InterOp 2009 is a success by anyone's measure but it's been a mixed bag for me so far. Internet access on the show floor is almost non-existent. For a major tech show like this, it's absolutely ridiculous. You'd think that Internet access would be a standard feature of any technical show--especially for perhaps the largest one of the year in North America.
The show floor is packed with exhibitors showing their wares (hardware appliances, security software and virtualization solutions) and eager-to-learn and buy show attendees. Most attendees report that they will increase IT spending this year.
Good news for the tech sector and good news for Interop's exhibitors.
While being interviewed yesterday on InterOp TV, I was asked what I was most impressed with at the show. My answer was a simple one: Avocent's MergePoint Infrastructure Explorer (MPIE).
This product goes in the absolute opposite direction of any current application on the market: It requires less rather than more.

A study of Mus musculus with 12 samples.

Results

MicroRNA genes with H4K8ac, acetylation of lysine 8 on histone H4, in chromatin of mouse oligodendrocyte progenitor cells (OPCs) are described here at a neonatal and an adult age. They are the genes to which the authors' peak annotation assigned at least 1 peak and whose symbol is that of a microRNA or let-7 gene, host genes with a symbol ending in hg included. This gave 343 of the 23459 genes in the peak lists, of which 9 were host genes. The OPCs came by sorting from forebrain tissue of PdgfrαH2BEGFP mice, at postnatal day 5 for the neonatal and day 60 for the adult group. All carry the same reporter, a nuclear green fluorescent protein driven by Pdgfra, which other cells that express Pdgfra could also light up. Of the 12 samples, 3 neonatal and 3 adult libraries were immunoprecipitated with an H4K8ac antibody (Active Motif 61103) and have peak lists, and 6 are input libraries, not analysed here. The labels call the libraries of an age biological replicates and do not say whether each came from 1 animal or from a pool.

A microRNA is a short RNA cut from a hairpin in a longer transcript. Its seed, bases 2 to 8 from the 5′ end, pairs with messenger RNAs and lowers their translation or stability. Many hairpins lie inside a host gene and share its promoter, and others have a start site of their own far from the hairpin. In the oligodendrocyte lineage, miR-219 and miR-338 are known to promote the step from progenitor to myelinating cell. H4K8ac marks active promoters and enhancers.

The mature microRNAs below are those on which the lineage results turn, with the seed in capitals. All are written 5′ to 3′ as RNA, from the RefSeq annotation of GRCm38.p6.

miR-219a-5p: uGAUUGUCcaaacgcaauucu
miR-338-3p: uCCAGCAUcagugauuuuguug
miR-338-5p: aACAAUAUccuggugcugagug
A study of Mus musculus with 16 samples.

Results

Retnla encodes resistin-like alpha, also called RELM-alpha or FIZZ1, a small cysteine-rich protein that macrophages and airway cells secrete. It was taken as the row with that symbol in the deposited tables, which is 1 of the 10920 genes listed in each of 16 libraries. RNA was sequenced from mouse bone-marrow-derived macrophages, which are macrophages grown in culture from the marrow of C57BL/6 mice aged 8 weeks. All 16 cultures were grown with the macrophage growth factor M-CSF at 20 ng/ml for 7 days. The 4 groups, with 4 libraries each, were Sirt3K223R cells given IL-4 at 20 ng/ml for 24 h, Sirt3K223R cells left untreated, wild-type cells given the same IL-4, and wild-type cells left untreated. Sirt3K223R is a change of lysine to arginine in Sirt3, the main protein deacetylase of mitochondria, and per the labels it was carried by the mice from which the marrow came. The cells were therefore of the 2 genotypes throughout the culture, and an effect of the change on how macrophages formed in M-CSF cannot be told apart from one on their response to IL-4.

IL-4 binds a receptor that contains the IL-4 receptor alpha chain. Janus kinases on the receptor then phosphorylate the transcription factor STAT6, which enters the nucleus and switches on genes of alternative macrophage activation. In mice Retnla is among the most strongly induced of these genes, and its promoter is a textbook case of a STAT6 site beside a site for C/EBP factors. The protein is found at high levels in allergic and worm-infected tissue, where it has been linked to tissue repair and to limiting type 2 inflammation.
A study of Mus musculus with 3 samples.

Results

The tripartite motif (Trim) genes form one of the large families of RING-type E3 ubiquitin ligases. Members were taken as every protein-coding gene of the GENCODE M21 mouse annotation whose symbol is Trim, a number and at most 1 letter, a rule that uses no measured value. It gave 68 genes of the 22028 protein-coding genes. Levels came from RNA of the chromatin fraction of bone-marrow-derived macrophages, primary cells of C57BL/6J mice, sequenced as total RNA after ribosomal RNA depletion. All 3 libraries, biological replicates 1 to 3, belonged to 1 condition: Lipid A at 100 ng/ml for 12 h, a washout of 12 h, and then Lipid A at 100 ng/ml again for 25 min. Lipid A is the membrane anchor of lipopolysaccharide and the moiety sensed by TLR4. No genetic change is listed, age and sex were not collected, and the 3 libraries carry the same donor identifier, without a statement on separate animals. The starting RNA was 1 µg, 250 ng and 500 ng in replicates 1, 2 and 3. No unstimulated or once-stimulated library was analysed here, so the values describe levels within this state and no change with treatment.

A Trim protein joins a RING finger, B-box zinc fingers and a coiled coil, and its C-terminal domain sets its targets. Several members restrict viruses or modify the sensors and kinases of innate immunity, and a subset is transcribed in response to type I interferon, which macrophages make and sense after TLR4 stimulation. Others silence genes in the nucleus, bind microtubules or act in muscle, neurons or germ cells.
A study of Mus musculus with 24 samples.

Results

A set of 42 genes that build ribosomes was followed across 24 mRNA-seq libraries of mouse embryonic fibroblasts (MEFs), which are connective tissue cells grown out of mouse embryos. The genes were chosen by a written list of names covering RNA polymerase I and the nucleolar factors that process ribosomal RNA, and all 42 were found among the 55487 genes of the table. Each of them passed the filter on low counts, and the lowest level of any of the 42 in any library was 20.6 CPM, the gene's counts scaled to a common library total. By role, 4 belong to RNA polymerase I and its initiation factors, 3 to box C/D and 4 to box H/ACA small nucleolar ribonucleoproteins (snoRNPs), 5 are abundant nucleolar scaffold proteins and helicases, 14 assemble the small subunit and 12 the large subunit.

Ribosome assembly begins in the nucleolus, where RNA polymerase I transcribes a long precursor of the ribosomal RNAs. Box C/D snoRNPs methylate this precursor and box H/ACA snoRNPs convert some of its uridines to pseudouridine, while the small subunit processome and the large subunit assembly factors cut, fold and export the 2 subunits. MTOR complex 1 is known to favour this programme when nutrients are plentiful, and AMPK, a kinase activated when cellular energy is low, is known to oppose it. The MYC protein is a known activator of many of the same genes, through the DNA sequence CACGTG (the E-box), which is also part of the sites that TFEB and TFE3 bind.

That's right, less.
The MPIE's hardware requirements are a Pentium 4 with 2GB RAM running Windows Server 2003.
Yes, that's all. It doesn't need a 32 GB RAM $20K server with an Oracle database on the back end. Training won't kill your budget either and only takes about half a day if you can't figure out its already very simple interface.
I know it isn't Linux-based but you have to admit that it's pretty cool.
For Linux-based solutions at the show, I'm still pretty unimpressed. You'd think that there would be at least half the show running some sort of Linux-based application servers, appliances and services. I'm not saying that there aren't some but they are few and far between.
I'm going back in today to find more (If they exist) and will report back here on all the Linux-based solutions I find at the show.
InterOp 2009? Even if you're a gambler, I wouldn't bet on having reliable Internet access or locating that super cool Linux-based solution.